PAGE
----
L.A.W. Hosts Student Summer Job Panel

By: Mitul Brahmbhatt

Pictured from left to right: Cari Whitmire, Ryan Tindall, Abe Bailey and Kelly Milliron.

The Law Association for Women (L.A.W) at the University of Florida Levin College of Law hosted a panel on Jan. 31 to discuss the ever-looming summer job hunt facing all law students.

“[The Law Association for Women] wanted the panel to help 1Ls and 2Ls who have different options to navigate their OCI (On-Campus Interviews) and [other] interview processes,” L.A.W president Meghan Bradley said. “We wanted to show how different experiences can still end successfully.”

The panelists were Cari Whitmire, 3L and Law Review Executive Forum Editor; Abe Bailey, 3L and Journal of Law and Public Policy (JLPP) Executive Research Editor; Ryan Tindall, 3L and JLPP Executive Articles Editor; and Kelly Milliron, 2L and Law Review Articles Editor.

Each year, law students around the country face the question of summer jobs and finding a legal experience.

Whitmire spoke of her time as an extern working for various federal judges and a state judge in her rotation with the United States Middle District of Florida, Tampa Division. She suggested that many 1Ls who face unpaid summer work should look to earn the maximum six credit hours and pro bono hours for their summer position, lightening their workload throughout their second and third year.

The panel, held in room 355B, discussed everything students should know about heading into the summer job search.

“[Erin Carr] led me to a few [opportunities] that were good to apply to,” Bailey said.

While the panelists worked in fields ranging from federal and state court to the Department of Justice and private practice, they agreed that the Center for Career Development is very helpful to understanding the summer job process and can help you excel on more than just of On-Campus Interviews (OCI).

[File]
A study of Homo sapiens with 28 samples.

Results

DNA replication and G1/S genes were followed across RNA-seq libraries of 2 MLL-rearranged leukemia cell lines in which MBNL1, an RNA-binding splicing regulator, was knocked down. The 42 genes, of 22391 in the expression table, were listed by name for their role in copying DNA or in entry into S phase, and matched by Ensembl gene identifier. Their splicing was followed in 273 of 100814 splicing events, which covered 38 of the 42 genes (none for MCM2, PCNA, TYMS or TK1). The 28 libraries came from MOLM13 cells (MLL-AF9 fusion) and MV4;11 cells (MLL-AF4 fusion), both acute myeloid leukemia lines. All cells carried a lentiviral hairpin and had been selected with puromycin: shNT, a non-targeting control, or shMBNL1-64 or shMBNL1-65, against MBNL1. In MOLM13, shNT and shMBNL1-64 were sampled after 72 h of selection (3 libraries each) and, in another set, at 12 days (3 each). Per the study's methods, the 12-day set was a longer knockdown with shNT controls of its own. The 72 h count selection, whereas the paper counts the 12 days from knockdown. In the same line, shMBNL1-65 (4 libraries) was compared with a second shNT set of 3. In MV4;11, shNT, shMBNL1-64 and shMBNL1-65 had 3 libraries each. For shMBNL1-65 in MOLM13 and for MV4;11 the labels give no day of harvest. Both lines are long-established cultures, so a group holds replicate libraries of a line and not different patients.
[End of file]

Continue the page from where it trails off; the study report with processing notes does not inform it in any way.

When discussing resumes, cover letters and writing samples, the panelists emphasized checking cover letters two to three times before sending it out to a potential employer.

“Try to make a personal connection,” Tindall said. “They can absolutely tell when it is boiler plate and you’re sending it out to everybody.”

The panel moved on to potential interviews and how a typical interview can go.

“Be prepared to know your resume,” Bailey said. “Know that your experiences speak to what you are going to do in [the position you are applying for]. Learn as much as you can about the position beforehand.”

The panelists agreed on a few key points that almost always come up when they have interviewed: “Why would you like the position?” and inquiries on the “interests” section on their resume.

That section can often times lead the time of your interview to fly by, according to the panelists.

In one of her interviews, someone asked Milliron about her opinion on Third Amendment issues that were unfamiliar to her. Whitmire entered an interview room with “There’s no job here, get out” written in Dutch.

“Be prepared for the unexpected,” Milliron said.


Mitul Brahmbhatt is currently a 1L at the University of Florida Levin College of Law. Graduating from the University of South Florida in 2017, he received his Bachelor of Science in finance and his Bachelor of Arts in English. He currently does volunteer work as a regional core team member of BAPS, an international socio-religious organization. He likes Piña coladas, getting caught in the rain, isn’t into yoga, and has half-a-brain.